Which Ontario political leader can meet the moment?

Article originally published in The Star

Message, fundraising and strategy are all factors in political campaigns that determine if the champagne will be for congratulations or commiserations on Election Day. To the frustration of campaign pros everywhere, one of the most important factors is one they have almost no control over — moment.

Being the right person at the right time has been the key to victory for several campaigns. Unfortunately, this is tough to predict, and nearly impossible for a campaign to create.

When Toronto grew tired of being fodder for late-night TV monologues, people sought stability and turned to John Tory to replace the late Rob Ford. In the 2015 federal election, aspiration replaced austerity as the public’s priority and Justin Trudeau replaced the more managerial Stephen Harper.

In Ontario, both Premier Doug Ford and the NDP’s Andrea Horwath should be asking if that moment may already be passing them by. Compared to the 2018 election results, a recent poll from Leger shows Ford’s Conservatives down 6 points, with the NDP down 7 points.

Ford and Horwath’s ideals may sit at opposite ends of the political spectrum, but their approach to politics is closer than either would want you to believe.

Publicly, Ford and Horwath both favour a brawling style of partisanship, often raising rhetoric to a boiling point. Contrast that with Liberal leader Steven Del Duca who, in the summer, invited all party leaders to sit down together to discuss mandatory vaccinations for health care and education workers — an invite Horwath and Ford both declined.

Ford and Horwath may find that what plays well with the party faithful may fall flat with a general public that has grown accustomed to more productive political partnerships during the pandemic.

For Ford, meeting the moment in 2022 will be hampered by his words in 2018. He asked Ontario voters who they would trust to manage the books, then-premier Kathleen Wynne or Horwath.

Recently, the auditor general showed that Ford’s government delivered nearly $1 billion in pandemic aid to businesses that qualified for less than they received or were entirely ineligible. Ford’s government also declined to pursue $1 billion from the 407, when low traffic volumes meant the private company that now owns the highway taxpayers paid for, owed those same taxpayers a cheque.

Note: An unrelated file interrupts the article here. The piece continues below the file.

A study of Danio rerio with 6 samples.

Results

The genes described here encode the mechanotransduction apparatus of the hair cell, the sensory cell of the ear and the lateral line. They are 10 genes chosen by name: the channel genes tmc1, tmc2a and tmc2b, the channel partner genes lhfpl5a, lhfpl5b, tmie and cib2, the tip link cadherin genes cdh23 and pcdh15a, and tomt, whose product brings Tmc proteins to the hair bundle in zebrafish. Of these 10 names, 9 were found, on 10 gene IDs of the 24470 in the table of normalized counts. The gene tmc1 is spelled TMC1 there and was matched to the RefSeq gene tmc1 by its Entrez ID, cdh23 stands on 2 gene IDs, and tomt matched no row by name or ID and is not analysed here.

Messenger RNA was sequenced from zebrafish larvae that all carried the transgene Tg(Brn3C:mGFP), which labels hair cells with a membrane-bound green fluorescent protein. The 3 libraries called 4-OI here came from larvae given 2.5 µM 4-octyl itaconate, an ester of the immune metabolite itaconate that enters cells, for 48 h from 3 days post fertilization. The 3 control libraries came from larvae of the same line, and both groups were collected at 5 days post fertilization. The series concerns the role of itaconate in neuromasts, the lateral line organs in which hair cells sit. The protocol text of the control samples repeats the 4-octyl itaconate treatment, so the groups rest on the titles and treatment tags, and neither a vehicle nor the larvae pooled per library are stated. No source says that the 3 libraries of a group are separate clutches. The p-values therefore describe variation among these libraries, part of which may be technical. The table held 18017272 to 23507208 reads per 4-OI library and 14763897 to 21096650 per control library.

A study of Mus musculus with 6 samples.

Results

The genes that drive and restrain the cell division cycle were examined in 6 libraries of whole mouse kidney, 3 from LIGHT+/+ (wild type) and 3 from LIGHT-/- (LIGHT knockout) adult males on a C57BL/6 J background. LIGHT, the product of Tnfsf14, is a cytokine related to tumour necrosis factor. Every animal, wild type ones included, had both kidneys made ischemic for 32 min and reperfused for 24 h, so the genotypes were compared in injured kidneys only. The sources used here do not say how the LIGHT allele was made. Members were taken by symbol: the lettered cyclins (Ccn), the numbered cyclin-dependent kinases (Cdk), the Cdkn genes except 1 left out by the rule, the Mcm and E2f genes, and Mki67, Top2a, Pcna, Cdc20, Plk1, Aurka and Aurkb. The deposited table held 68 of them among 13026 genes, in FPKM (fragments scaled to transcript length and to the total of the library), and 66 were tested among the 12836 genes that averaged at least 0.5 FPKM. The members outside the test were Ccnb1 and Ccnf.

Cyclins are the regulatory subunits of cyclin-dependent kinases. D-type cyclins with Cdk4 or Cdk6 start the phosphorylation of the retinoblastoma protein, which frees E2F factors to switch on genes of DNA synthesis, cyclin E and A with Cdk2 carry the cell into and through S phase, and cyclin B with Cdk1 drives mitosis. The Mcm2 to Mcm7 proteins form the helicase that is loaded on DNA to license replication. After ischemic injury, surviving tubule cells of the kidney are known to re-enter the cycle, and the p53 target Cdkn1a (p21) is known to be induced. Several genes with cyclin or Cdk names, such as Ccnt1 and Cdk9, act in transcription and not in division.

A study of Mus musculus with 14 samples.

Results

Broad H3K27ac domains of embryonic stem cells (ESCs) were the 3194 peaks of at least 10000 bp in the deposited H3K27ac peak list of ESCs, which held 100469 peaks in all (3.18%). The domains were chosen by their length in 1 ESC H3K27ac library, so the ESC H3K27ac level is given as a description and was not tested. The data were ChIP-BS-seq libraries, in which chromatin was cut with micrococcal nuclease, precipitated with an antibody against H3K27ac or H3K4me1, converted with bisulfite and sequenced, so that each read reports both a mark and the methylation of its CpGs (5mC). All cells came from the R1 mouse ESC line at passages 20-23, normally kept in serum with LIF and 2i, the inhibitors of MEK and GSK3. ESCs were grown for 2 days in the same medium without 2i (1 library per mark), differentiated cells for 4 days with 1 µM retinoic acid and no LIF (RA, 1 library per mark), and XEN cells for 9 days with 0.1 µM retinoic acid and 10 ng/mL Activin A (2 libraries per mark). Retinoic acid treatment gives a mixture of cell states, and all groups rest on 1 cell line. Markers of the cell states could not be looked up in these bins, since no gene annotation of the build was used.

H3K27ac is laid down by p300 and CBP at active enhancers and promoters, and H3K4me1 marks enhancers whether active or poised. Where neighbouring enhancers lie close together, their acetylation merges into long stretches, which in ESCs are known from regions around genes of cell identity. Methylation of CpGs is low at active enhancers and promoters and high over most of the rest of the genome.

That is $2 billion in the pockets of one private business or another, that should have been in Ontario’s coffers and would have been if Ford kept his promise about keeping a closer eye on Ontario’s finances.

Horwath tried to meet the moment in 2018, promising the NDP was the only party that could stop Ford being elected premier. Despite winning more NDP seats than she ever has, Ford won anyway, and Horwath has struggled to connect with voters since. Polls show the NDP is currently in third place in what is essentially a three-party race.

Having run to the right of Wynne in 2014 and failed, Horwath’s recent announcement of pursuing a $20 minimum wage is an early indicator of a more left-leaning platform for 2022. However, if the more middle of the road NDP couldn’t win in 2014 or 2018, why would a shift to the left succeed in Ontario, where the electorate tends to stay in shouting distance of the centre?

That leaves Del Duca with the best chance to seize the spotlight in next year’s election. Pundits will say his biggest challenge is name recognition. If that’s true, being the unknown quality may be Del Duca’s advantage against two leaders voters already know all too well.

If Del Duca’s policies on winter tire tax credits, a four-day work week, and reinvesting millions into schools by cancelling the unpopular Highway 413 are how voters get to meet him, Del Duca may be the set to seize the moment in 2022.